Armory Center for the Arts Teaching Artist Kate Lain’s Cabin Fever Playlist is a crowd-sourced list of experimental films that are currently free online. Kate started the list on March 13 for her video art students at the Armory once classes were canceled due to shelter in place recommendations. Lain thought the list would help her students stay inspired and sane while quarantined at home, and she encouraged people to add to the list. “I arranged the films based on moods one might be experiencing while being cooped up. I thought it might be a fun collaborative resource for other folks out there in the same boat.” The list has grown to contain nearly 2,000 films, organized by 22 categories such as Laugh and Smile, Sing and Dance, Nostalgia, Cry, Scream and Break Stuff, and Get Outside. The story has blown up and was picked up by media outlets such as Hyperallergic and The Observer.
We asked Kate to pick 5 films on the list, and she replied “though I was tempted to quickly list 5 films I know well and have loved for some time that are on the playlist, I thought it would be more fun to select a set I’d never seen before and that I was introduced to because of this list. Each film in this list is under 10 minutes long and is a work I found quite resonant in this current historical moment.” Here they are, in no particular order.
by Margaret Rorison, 2014
“This film has a haunting, hypnotic beauty about it. The choreographed performance depicted in the film, the measured movements, the flow between people and the environments they move within and through really hit me in a visceral way in this time of physical distancing and communing from afar.”
by Lichun Tseng, 2012
“The abstraction of the grass tree into shifting patterns of light and dark take me outside of the everyday, to a more meditative place. Even with the abstraction, though, the rhythms of the breezy leaves remain familiar and bring me back to where I am. They remind me that these are images of the physical world that I am part of and that I can find new ways to see what surrounds me. This is a sort of film that I love in “normal” times, but I think it is particularly resonant for me right now because I really miss being able to spend long amounts of slow time outside, sitting still, listening, looking, feeling.”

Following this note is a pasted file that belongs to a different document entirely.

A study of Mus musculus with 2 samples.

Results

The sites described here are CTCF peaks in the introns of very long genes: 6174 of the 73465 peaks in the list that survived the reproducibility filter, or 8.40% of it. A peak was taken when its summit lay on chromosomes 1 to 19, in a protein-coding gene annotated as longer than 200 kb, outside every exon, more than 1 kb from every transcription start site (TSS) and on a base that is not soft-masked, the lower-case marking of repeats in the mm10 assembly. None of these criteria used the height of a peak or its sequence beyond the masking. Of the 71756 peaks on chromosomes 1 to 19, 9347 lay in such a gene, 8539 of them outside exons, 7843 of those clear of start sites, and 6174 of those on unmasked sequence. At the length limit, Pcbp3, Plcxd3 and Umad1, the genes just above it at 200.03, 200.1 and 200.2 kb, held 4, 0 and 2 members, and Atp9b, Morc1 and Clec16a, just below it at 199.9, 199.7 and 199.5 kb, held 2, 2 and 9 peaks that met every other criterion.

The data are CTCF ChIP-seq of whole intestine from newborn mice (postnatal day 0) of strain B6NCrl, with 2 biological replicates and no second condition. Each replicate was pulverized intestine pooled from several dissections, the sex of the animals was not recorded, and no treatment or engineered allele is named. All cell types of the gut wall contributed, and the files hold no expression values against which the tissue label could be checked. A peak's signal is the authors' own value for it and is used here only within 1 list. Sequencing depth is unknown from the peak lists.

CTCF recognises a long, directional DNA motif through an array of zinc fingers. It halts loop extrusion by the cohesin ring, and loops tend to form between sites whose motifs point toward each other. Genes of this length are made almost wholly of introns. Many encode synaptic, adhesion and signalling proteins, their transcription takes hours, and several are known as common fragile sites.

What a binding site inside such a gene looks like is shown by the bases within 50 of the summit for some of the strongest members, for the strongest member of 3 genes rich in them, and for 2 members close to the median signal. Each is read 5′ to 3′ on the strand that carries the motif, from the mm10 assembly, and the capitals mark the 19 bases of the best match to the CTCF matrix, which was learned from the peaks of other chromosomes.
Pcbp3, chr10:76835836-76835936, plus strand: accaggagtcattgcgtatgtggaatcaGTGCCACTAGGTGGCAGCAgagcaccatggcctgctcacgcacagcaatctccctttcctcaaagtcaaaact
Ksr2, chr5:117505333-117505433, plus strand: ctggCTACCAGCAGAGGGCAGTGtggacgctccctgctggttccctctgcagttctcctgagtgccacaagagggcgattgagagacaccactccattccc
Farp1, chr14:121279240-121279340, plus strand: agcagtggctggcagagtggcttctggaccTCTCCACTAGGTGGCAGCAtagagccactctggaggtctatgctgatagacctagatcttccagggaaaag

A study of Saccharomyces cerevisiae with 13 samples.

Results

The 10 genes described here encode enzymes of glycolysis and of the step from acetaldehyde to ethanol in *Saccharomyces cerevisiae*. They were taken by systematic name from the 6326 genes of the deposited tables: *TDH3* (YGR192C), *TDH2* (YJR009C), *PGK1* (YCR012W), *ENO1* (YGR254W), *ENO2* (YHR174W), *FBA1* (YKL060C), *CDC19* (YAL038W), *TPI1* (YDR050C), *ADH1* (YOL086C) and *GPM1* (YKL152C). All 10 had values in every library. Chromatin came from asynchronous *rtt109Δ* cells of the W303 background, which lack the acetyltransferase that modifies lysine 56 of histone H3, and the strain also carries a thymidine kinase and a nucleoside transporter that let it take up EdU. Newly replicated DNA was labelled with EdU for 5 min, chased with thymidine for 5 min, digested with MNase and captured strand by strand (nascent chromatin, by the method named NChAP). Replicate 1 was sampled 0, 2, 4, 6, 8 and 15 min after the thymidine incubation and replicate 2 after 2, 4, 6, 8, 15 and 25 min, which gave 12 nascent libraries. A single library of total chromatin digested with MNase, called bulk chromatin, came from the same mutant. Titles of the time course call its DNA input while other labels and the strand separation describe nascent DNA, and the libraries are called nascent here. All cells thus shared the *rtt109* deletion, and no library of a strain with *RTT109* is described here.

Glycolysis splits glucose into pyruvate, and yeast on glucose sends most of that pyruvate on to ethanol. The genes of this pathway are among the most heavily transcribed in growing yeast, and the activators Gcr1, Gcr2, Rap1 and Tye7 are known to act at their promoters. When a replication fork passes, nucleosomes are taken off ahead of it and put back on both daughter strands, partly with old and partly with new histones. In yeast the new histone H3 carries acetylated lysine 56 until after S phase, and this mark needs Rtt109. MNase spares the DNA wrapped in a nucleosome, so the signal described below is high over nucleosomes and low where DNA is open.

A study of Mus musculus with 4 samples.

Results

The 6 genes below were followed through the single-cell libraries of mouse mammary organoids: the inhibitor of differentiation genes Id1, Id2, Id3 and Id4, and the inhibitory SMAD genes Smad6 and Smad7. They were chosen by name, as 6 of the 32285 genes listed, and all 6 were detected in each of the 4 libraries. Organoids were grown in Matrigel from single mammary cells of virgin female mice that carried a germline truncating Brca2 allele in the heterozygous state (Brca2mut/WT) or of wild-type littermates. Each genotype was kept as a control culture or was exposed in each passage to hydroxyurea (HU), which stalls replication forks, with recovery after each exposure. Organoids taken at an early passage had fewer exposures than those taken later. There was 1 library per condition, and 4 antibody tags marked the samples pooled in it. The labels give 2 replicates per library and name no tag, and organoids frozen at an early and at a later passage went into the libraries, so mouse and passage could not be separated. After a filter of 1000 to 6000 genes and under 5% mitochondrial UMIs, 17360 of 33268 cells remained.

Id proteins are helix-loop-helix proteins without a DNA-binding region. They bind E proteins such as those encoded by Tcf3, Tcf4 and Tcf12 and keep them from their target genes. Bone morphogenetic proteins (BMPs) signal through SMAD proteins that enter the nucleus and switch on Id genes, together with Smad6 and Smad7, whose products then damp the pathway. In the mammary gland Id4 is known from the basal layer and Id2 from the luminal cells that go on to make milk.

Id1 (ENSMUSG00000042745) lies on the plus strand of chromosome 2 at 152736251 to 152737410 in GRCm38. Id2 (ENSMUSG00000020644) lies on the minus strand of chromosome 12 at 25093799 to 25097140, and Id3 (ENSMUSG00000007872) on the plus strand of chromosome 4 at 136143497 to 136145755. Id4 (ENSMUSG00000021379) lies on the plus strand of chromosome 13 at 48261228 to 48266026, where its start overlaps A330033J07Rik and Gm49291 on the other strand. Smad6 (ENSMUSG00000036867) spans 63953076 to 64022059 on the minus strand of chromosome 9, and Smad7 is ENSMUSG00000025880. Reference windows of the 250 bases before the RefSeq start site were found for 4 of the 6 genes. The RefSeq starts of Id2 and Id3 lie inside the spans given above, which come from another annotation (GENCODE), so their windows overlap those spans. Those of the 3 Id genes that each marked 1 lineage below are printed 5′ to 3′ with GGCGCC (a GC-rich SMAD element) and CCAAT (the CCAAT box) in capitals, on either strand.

Broken Bones; and I’m still laughing
by Setare Gholipour, 2017
“In this video, the artist has projected recorded images onto herself and the walls around her, and made recordings of those acts. The moving image projections within this work feel like they have an almost physical presence, though they are made of light. I think about the ways many of us are turning to digital portals to connect with people and places we are far from and how images are reminders of both existence and loss.”
How to Draw Clouds
by Salise Hughes, 2006
“I love the simplicity and playfulness of this film. The description that accompanies the film on Vimeo perfectly encapsulates it: ‘A meditation on the desire to hold on to the ephemeral.
by Manuela de Laborde, 2015
“One of my long-running preoccupations is the capacity of documentation to also exist as art, and this is a film that hits me right there. It is a study of the surface of two liquids, and while it is on the one hand representational, it is at the same time abstracted into lines, shapes, textures, and rhythms through framing and disjointed time. The inclusion of the timecode across the bottom of the frame feels almost clinical, and I love the tension that’s created between that and the poetic dance of light and dark that fills the rest of the frame. This is one of those films that brings me delight as it reminds me of the magic that surrounds us wherever we are – we just might need to shift how we’re looking.”